Danny Rogers: PM could take a leaf out of Obama's PR book

Among his growing array of problems, the Prime Minister is grappling with how to better communicate with the people of Britain.

Danny Rogers: American politicians engage more with the public
Danny Rogers: American politicians engage more with the public

This a pivotal time in his premiership - with the economy on a knife-edge and growing rebellion within the Conservative ranks - and he finds his comms team in upheaval.

Earlier this year he lost strategy guru Steve Hilton, who moved to America. This week, executive director of government comms, Jenny Grey, leaves to join Citigroup and it emerges that fellow civil servant and Downing Street spokesman, Steve Field, is departing to join the IMF. Finally, long-time personal spokeswoman Gabby Bertin will go on maternity leave towards the end of the year.

This is far from ideal for Cameron, whose great strength - ever since he challenged for the leadership of his party - has been his natural ability to communicate with the public.

In Britain this is no mean feat, because the odds are stacked against politicians. This was brought home to me last week during a business trip to New York. Across 'the pond' the presidential election candidates have a superior opportunity to talk directly to their electorate.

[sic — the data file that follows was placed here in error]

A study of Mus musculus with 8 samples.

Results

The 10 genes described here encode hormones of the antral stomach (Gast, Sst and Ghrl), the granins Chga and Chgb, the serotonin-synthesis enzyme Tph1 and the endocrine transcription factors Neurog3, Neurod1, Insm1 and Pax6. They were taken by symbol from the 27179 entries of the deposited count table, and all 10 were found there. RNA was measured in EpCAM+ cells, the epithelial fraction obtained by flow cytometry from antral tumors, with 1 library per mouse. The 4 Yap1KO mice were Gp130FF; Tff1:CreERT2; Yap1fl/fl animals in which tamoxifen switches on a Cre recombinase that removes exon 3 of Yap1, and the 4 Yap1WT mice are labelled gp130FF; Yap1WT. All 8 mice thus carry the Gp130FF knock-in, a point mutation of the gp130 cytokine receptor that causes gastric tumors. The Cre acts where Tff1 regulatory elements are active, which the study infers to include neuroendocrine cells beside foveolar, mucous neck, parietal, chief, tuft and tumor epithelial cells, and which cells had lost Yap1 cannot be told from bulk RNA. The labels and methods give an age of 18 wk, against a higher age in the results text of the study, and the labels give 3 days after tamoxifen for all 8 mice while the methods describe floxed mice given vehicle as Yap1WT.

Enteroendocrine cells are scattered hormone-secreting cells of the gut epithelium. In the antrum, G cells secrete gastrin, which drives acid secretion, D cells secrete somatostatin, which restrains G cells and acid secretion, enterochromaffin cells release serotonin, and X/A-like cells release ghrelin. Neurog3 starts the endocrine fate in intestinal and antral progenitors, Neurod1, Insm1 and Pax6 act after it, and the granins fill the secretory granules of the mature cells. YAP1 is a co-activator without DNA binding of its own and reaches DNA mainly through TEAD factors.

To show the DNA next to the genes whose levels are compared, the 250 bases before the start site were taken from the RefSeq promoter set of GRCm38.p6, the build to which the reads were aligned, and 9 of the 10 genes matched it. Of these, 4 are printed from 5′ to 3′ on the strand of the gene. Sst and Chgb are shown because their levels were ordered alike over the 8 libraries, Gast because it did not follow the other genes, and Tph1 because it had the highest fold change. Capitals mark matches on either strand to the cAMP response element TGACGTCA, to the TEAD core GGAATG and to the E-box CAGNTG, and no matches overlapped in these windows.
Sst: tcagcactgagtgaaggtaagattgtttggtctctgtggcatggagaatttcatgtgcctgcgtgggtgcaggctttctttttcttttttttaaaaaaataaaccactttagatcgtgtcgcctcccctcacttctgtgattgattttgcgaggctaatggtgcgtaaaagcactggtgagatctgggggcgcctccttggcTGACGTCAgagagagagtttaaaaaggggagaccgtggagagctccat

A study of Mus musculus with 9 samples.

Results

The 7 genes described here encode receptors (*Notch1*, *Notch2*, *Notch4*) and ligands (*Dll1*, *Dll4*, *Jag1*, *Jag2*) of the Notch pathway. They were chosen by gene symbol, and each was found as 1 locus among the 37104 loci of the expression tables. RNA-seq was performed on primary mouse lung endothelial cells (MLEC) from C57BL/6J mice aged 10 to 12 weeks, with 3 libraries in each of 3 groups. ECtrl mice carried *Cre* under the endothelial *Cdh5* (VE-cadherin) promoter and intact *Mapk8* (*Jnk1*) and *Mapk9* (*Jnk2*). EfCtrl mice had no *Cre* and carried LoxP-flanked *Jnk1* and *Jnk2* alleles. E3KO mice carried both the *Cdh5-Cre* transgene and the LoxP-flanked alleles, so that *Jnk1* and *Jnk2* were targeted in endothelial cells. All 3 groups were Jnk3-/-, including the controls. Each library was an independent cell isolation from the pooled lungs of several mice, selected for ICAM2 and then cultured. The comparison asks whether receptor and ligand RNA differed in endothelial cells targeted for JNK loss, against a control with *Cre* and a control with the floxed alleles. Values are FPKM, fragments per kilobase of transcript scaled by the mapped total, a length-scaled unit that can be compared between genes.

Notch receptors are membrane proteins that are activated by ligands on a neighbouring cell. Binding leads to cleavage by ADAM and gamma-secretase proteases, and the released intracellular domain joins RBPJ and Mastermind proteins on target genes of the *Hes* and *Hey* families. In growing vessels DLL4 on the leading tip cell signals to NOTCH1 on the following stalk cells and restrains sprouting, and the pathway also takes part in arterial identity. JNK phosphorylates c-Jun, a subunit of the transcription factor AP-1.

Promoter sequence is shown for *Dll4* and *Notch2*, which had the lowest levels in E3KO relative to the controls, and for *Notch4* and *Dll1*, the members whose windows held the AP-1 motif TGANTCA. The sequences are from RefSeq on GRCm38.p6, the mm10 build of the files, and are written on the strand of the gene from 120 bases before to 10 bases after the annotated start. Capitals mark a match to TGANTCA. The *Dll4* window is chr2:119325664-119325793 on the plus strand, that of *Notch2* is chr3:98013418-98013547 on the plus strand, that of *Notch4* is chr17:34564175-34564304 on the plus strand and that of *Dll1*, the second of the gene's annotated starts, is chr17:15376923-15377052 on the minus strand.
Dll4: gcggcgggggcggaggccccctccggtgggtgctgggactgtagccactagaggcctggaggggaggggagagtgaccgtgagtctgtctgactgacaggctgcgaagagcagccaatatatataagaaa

At last week's Democratic National Convention, President Obama's keynote speech was screened live, at peak viewing time, on virtually every network TV channel. The same could be said of his wife Michelle's speech on Tuesday evening and even Bill Clinton's speech on Wednesday.

In the offices and restaurants of New York City everyone is talking about the previous night's speech.

This is a different level of political engagement to Britain, where party conference speeches take place mid-afternoon. If we are lucky, we get a few sound bites on the evening news, with more time allocated to a political editor's opinion of what they think the leader was trying to achieve.

Of course American politics suffers from its own problems, but we should envy the higher level of engagement between senior politicians and the man on the street.

For Cameron, the next few months will determine the success or failure of his project, or indeed whether he even had a coherent project in the first place. He will need convince not only his party, but the British electorate, that he has a compelling economic and social vision for a nation in flux.

For this endeavour he will need to optimise every comms channel available, and most importantly, have a stable, trusted and gifted comms team at his side.

Danny Rogers is PRWeek's editor-in-chief.